Find Beauty in the Winter Garden with Ornamental Grasses

With winter upon us many gardening-minded folks (including myself!), having put their gardens and lawns to bed for the winter, have thoughts of spring already dancing in their heads. But there are still sources of beauty that provide impressive visuals and dazzling foliage not only in the summer and fall months but throughout the winter season as well. What are they, you ask? Ornamental grasses of course!

The key to capturing this late season splendor is to keep your ornamental grasses uncut until spring, as they add a great deal of charm and interest to your winter garden. They can also provide food and habitat for our fine feathered friends who haven’t headed south for the winter.

While not every grass is able to prevail against the repeated battering of snow, sleet and wind throughout the season those that do turn wonderful shades of gold, wheat, and beige in preparation for colder days ahead.

Snow is perhaps the element that sets the grasses off most effectively, as it adheres nicely and allows a beautiful contrast with pines, spreading junipers and other evergreens, not to mention willows, birches and other deciduous trees with lovely colorations and markings on their bark. Frost can also lend an ethereal air to grasses, outlining their ghostly shapes, as seed heads, stems and leaves sway gently in the breeze and glisten on sunny winter days.

Many ornamental grasses are low maintenance and fairly durable and because many of the varieties do well in cooler conditions they are good bets for winter gardens.

The following are but a few of my favorite ornamental grasses (for my hardiness zone, 4-7) that will allow for practically year round enjoyment.

Maiden Grass miscanthus sinensis

“Gracillimus,” a name given to this species, translates to “very graceful” and this term describes this ornamental grass to the letter. It belongs to the broader miscanthus genus (all of which are equally beautiful) and is known primarily for its graceful, arching contours and silver-striped, sword-shaped leaves. Another identifier is its reddish-brown flower heads in fall (when the plant is at its tallest from six to eight feet high) that morph into gorgeous, silvery-white plumes as autumn proceeds and the stem reddens. By winter the grass turns a soft gold and allows for frost and snow to transform the stems and leaves into gently lilting bows.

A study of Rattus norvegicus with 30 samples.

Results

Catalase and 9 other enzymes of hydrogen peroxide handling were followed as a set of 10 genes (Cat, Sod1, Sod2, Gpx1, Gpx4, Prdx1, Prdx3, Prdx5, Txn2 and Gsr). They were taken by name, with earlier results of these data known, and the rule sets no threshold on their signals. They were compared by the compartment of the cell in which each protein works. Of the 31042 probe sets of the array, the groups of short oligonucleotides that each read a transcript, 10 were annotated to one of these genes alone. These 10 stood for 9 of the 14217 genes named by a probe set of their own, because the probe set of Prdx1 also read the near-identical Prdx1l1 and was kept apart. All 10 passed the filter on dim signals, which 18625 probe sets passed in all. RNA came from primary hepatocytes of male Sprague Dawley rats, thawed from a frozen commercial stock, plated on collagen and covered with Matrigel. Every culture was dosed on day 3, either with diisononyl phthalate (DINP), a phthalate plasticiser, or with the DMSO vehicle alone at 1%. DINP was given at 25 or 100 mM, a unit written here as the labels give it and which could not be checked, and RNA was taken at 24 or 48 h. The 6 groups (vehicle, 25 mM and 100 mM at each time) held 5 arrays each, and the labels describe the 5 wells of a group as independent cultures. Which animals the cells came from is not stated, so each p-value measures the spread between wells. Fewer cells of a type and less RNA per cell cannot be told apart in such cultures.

Feather Reed Grass calamagrostis acutiflora

Unlike Maiden Grass this ornamental grass stands fully upright and its leaves and compact flowers provide a tidy, vertical line to the viewer. It also does well in containers, which is something I also really like, as they provide a nice hedge-like row along my patio edge, especially if they are on raised plant stands. The plant’s wispy, pinkish-hued flowers bloom in early summer though turn to a soft buff color, the stems and leaves to a warm toasted brown, in the fall and remain throughout the winter. When left intact this grass provides an almost columnar texture and presence against the stark winter backdrop and the dormant flowers really do mimic feathers, especially when coated in frost, hoar frost, or snow.

Blue Oat Grass helictotrichon sempervirens

This ornamental bunchgrass’ name literally translates to “immortal” but for gardeners “evergreen” will do just fine. Another ornamental that does well in containers, this grass grows in dense, arching, globular tufts with thin, blue-green/gray leaves that again describe the plant quite effectively. It’s tall, upright stems produce spiky seed heads that bloom in summer and last well into fall as they turn a mild wheat color against the still-vivid leaves. In winter, covered with snow or frost, this grass resembles an exploding firework, as the denseness and height of the growth doesn’t tend to droop as noticeably with weight as much as some of the taller grasses and the narrow leaves seem to echo strands of light.

Ornamental grasses accent a garden at any time of year, even in the bleakness of winter. Until spring graces us with her presence these stalwart grasses can provide structure and a unique aesthetic to an otherwise dormant garden-scape.

But perhaps most of all they are ever-present reminders that for as cold and dismal as it seems right now the clutch of winter will eventually succumb to the warm embrace of spring.

Until then hunker down, plan your garden and think spring!

Author bio: Daniel Novak is a lover of summer time, gardening and planting, art and design, cooking and spending time in his backyard oasis. He is currently a freelance writer for outdoor plant stand provider Avant Garden Decor. In his free time, Daniel enjoys attending garden shows and farmer’s markets, wildlife viewing and fishing.